Experiencing Bipolar Stigma on a Daily Basis
Tuesday, October 3 2017 Hannah Blum
Bipolar stigma is something I deal with, directly or in my surroundings, on a daily basis. As someone who publicly shares their diagnosis of bipolar 2 disorder, I am aware that experiencing stigma more often than usual is something that comes with the job, but to what extent? How much bipolar stigma can a person take before it becomes too much to handle? Experiencing stigma on a daily basis is exhausting, making how to cope with it an important topic to discuss openly.
Stigma of Bipolar is in Your Face
It takes only a few minutes before a news reporter connects a mass shooter to a mental health condition unjustifiably. I go to a party, and the most ill-mannered person in the room is diagnosed with a mental health condition. The label I live with, bipolar disorder, is stamped on violent, deranged and ill-behaved individuals. It is treated as a scapegoat rather than a condition.
When I became a mental health advocate and public about my life as a young adult with bipolar 2 disorder, I started to experience stigma on a daily basis. If I lash back or reacted to every stigmatized comment that is said, I would be too exhausted to open my eyes in the morning. I would have no time to do actual work in advocacy because I would be too busy fighting with people.
I always wonder if people understand that some individuals in this world grew up in environments that caused them to be rude, violent, and hateful. However, when you live with bipolar disorder, as exhausting as it may be, you have to take these comments with a grain of salt.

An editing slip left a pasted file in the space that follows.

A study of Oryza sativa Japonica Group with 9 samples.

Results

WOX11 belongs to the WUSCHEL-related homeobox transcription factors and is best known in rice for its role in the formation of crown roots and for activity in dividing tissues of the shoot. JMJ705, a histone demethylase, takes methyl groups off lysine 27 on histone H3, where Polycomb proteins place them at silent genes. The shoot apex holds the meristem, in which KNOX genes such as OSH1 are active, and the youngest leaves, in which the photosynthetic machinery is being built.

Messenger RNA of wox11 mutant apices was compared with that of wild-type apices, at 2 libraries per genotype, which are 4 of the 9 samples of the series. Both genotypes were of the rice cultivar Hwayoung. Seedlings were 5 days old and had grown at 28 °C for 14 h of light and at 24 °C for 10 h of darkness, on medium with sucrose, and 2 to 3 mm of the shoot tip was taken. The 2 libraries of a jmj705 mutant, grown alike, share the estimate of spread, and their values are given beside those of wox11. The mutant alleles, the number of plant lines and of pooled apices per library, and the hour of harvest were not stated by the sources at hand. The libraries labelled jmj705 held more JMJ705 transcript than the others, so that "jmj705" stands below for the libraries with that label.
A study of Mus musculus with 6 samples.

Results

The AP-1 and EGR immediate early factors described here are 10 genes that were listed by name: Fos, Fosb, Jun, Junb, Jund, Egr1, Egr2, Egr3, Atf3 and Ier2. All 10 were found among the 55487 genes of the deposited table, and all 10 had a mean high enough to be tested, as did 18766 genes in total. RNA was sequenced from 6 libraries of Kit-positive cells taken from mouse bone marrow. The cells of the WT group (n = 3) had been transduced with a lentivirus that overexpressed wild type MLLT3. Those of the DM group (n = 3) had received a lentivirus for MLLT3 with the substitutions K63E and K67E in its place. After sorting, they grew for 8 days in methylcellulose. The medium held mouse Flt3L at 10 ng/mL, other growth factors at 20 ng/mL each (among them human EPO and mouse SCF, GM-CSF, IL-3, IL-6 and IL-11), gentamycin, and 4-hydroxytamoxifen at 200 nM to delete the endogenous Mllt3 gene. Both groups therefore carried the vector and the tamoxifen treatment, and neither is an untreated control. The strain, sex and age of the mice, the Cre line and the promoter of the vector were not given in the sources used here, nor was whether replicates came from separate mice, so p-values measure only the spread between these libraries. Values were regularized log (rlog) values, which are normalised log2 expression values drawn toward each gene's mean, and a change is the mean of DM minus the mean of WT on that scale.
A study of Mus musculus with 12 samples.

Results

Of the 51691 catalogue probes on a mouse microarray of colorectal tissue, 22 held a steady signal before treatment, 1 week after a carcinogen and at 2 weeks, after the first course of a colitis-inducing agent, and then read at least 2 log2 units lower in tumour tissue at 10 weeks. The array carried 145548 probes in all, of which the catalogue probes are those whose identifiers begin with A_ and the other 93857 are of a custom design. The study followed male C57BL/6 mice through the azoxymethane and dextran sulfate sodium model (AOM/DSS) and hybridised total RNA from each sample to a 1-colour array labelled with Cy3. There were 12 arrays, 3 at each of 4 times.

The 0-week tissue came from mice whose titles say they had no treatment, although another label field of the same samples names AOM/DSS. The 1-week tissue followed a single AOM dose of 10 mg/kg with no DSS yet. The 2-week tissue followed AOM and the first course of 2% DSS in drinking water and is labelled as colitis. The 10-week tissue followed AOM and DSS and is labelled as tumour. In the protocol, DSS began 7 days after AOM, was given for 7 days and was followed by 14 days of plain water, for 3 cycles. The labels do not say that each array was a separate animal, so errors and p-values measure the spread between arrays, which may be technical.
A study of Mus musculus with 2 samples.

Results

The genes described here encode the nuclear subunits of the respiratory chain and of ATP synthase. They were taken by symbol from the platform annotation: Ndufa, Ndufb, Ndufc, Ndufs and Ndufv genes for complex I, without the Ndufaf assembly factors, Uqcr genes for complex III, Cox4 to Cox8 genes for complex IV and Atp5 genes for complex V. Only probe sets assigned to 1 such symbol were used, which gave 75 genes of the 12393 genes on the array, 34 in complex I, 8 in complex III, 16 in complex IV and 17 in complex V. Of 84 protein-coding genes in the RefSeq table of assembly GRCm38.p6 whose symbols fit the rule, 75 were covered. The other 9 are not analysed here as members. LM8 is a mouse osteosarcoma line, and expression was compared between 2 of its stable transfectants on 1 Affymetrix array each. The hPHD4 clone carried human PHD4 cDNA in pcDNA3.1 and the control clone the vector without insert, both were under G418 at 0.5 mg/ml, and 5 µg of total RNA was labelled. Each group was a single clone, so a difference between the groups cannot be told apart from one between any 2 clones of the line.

How to Cope with Stigmatized Comments
When I hear someone talking about another person they dislike, a crazy ex or associate, sometimes it is followed up with, "They have a mental illness!" To which I respond in all seriousness with, "Oh man when were they diagnosed, and with what condition?" The individual with an imaginary psychology degree usually scrambles for words that allude to the idea that there has never been an official diagnosis of a mental health condition.
When people say stigmatized comments, especially those who are close to us, it is usually not done maliciously. Stigma is engrained in all of us. Before my diagnosis of bipolar 2 disorder, as open-minded as my family is (How My Bipolar 2 Diagnosis Brought My Family Closer), I carried the same kind of stigma with me. It was not until I was the one sitting in the chair receiving a diagnosis of bipolar 2 disorder that I realized how damaging stigma is. That's when I had to learn how to cope with stigmatized comments.
My advice to those who are wondering how to help reduce the stigma of bipolar disorder or any mental health condition is to talk about it in a casual fashion, not as someone diagnosed with a condition, but as an individual advocating for justice. This is not to say that I have not, or will not have moments where I am louder than I should be, but I do the best I can to send a clear message. Otherwise, it will only increase the stigma I fight against on a daily basis. As difficult as it can sometimes be, my struggle is my biggest strength, and I use bipolar stigma as my motivation to continue advocating for mental health and my community.